In the town of Salem, teenage girls, led by Abigail Williams, accuse women and men of witchcraft. One man, John Proctor, had an affair with Abigail, and he now thinks that Abigail is causing trouble because she is jealous of his wife. The efforts of the court to find out the truth are swayed by the hysteria that the girls create in the court room. The judge chooses to believe the girls' stories, to save the reputation of the court, and many innocent townspeople are executed, including John Proctor.
The play begins with Reverend Parris praying over his daughter, Betty, who lies unconscious on her bed. Reverend Parris questions his niece, Abigail Williams, and several girls about what has happened. We learn that the girls were all involved in activities in the forest led by Tituba, Parris's black slave from Barbados. Parris had discovered them and startled them so much that Betty collapsed and has not recovered.
Rumours of what has happened spread through the town and a crowd gathers downstairs in Parris's home. Among them are Thomas Putnam and his wife, who are not loyal followers of Reverend Parris. This is because Parris got the job of reverend in place of their relative. The Putnams are very concerned for their own sickly daughter and the earlier deaths of seven of their babies.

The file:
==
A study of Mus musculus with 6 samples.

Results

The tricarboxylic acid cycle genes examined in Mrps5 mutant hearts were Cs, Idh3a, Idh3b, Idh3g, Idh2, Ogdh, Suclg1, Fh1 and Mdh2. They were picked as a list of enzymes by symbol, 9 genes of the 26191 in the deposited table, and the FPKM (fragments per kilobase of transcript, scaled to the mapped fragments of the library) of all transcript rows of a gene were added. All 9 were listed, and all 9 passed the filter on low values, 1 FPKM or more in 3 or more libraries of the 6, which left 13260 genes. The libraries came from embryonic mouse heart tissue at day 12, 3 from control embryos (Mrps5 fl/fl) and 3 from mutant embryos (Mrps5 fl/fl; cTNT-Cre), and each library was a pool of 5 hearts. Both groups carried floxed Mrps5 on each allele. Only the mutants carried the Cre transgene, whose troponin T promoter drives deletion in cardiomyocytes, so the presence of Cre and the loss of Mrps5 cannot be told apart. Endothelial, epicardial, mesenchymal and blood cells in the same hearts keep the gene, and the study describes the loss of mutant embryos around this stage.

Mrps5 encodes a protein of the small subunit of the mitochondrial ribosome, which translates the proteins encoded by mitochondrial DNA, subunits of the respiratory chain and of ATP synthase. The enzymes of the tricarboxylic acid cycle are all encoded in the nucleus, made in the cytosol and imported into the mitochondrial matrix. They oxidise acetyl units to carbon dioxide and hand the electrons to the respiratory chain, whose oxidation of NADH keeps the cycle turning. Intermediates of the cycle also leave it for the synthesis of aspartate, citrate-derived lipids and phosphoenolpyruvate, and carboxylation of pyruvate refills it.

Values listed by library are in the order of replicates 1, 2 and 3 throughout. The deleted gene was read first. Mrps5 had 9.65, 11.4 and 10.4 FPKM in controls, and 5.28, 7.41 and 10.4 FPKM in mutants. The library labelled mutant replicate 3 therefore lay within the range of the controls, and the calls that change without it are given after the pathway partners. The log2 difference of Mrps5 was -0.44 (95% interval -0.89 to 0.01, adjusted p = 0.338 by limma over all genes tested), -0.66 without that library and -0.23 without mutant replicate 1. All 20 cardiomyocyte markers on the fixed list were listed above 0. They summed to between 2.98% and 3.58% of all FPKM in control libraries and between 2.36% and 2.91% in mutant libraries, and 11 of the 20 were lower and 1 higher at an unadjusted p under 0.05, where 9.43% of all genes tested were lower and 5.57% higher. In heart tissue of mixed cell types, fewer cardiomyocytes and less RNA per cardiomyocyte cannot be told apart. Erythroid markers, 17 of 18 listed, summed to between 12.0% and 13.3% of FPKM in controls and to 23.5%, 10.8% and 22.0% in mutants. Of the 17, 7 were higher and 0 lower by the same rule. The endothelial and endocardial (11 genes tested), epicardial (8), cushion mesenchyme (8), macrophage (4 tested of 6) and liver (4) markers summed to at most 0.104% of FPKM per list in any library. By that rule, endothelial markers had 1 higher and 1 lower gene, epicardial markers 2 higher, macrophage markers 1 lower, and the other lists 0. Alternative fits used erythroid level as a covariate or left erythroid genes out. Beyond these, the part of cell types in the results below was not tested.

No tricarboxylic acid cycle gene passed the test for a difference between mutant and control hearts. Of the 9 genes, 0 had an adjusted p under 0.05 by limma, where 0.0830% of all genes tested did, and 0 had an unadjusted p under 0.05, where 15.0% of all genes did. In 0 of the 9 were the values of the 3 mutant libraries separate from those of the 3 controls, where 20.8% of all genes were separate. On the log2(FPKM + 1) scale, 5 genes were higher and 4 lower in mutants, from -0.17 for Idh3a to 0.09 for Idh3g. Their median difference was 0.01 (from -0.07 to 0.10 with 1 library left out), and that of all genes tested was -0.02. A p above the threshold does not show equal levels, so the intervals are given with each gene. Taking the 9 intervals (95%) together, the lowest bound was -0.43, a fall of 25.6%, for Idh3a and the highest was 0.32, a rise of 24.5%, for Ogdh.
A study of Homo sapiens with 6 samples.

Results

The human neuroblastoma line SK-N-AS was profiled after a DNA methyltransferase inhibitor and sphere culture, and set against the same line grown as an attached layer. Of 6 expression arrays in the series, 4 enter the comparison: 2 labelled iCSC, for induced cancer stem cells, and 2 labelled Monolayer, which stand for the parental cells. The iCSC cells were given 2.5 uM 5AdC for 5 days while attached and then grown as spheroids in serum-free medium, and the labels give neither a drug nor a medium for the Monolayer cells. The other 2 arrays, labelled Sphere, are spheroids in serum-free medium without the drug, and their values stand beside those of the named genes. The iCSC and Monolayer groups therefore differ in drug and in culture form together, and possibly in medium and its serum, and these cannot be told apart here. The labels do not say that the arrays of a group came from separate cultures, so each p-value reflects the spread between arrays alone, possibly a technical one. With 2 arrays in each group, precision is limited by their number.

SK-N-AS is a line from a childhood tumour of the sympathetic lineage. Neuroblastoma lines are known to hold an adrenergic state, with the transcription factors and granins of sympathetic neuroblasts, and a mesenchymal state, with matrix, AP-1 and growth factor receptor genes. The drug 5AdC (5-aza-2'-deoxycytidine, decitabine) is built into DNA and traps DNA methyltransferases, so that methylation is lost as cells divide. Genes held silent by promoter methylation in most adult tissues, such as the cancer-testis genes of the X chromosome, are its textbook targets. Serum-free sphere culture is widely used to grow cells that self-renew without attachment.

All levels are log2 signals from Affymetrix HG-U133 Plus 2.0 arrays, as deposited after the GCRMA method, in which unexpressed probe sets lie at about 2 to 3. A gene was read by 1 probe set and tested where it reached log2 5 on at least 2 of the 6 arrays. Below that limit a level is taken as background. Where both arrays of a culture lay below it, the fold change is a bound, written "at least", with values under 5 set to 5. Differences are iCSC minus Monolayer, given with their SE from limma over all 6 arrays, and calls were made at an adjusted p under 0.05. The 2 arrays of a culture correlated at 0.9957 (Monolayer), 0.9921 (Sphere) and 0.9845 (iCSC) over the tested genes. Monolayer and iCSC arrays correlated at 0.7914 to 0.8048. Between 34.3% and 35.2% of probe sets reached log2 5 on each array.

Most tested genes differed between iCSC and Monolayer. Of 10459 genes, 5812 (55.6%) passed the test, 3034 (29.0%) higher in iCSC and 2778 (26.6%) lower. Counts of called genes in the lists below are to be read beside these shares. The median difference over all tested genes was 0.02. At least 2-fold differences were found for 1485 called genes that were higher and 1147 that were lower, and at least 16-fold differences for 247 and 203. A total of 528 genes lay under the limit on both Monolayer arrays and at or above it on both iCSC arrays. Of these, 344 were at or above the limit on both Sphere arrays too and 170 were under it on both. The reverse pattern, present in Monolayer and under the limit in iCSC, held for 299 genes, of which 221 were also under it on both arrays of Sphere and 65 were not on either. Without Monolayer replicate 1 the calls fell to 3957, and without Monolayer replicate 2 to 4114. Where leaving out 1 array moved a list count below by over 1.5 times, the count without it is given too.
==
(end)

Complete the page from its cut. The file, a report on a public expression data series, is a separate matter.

The Putnams are the first to openly suggest that the town is afflicted by witchcraft (which was thought of at the time almost as we might think of an infectious disease nowadays, but worse!). They want Parris to root out the witches within the community. Parris sends for a local expert, Reverend Hale, then questions Abigail about the events that took place in the forest, but she admits to doing nothing more than dancing.